By Rabbi Rachel Eserman
Some foods are simply unacceptable. Well, at least their names create a problem for me because they don’t fit. I was reminded of this when the rabbi leading the services I attended recently mentioned the type of challah over which she was making the blessing: chocolate chip. My reaction was disappointment. It’s not that I don’t like chocolate chips, but they don’t belong in challah.
Challah should be either plain or raisin. I know there are at least 50 different challah recipes out now, but some of them should have a different name. By the way, raisin challah is my favorite and it’s not just my preference. When I led floor services at a geriatric center years ago, the residents were very disappointed when the challah wasn’t raisin. I have no idea what they would have thought of chocolate chip: No one had invented it yet.
(As a side note to put this into perspective, when someone says, “Don’t you hate it when you bite into a chocolate chip cookie and it turns out to be oatmeal raisin?,” my reaction is, “No, I’m disappointed when I bit into a oatmeal raisin cookie and discover it’s chocolate chip.”)
While I’m writing (OK, while I’m whining) about my food preferences, I, at least, am willing to admit that chocolate chip challah exists as a category of challah. However, as far as I’m concerned, there is no such thing as a blueberry bagel. Don’t buy one and give it to me to prove I’m wrong: I’ll be happy to take it and eat that blueberry bread since I love blueberries. But it’s bread with blueberries, not a bagel. Bagels are savory: plain, onion, garlic, etc. Now my friends know I have a sweet tooth, but I also love foods that contain garlic and onion. (In fact, if you don’t like food spiced with onion powder or garlic powder, you won’t be able to eat at least 80 percent of my cooking.) So, I also really love fruit (just check out my refrigerator), but it just doesn’t belong in bagels.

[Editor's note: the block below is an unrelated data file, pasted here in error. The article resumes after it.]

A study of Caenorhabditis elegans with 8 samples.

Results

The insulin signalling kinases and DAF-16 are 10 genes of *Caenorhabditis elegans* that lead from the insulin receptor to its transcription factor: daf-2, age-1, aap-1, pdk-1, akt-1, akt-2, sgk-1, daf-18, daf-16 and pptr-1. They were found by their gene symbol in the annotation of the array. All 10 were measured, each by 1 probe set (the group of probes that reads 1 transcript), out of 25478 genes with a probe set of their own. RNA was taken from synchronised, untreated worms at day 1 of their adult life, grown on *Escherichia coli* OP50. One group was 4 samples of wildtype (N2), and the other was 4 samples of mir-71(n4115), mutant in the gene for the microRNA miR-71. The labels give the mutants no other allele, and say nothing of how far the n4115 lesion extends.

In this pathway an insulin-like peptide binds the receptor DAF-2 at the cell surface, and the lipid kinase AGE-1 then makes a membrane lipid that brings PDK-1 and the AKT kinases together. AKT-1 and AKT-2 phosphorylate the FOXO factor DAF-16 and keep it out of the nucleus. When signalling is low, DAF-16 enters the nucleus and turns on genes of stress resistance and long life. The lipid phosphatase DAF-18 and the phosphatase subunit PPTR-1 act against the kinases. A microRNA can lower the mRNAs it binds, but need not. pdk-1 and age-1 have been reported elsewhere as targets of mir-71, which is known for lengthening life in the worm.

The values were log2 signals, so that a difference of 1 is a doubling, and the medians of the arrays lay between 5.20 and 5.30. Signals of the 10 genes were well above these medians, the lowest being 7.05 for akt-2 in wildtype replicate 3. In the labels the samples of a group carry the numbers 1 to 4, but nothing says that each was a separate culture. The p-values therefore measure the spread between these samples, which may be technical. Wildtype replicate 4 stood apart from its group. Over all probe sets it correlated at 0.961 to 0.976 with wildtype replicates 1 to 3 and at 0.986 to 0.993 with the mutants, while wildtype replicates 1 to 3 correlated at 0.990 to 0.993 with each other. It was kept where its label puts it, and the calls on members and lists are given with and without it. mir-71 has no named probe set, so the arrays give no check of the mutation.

Speaking of challah again, another thing about the bread: I was reading a book at my chaplaincy work recently in which the main character baked a challah. Most of the people (staff and individuals) I work with are not Jewish, so I explained to them that it’s incorrect to say challah bread. It’s like saying bagel bread or bread bread. How do I know people call it that? Because the folks on the Food Network Channel keep saying challah bread. Duh! It’s just wrong. You’d think someone would tell them the correct way to say it.
Do I think this column will stop people from making chocolate chip challah or blueberries bagels because in my expert opinion (OK, my whining opinion) they are inappropriate? Of course, not! But someone needs to take a stand: those foods are just wrong!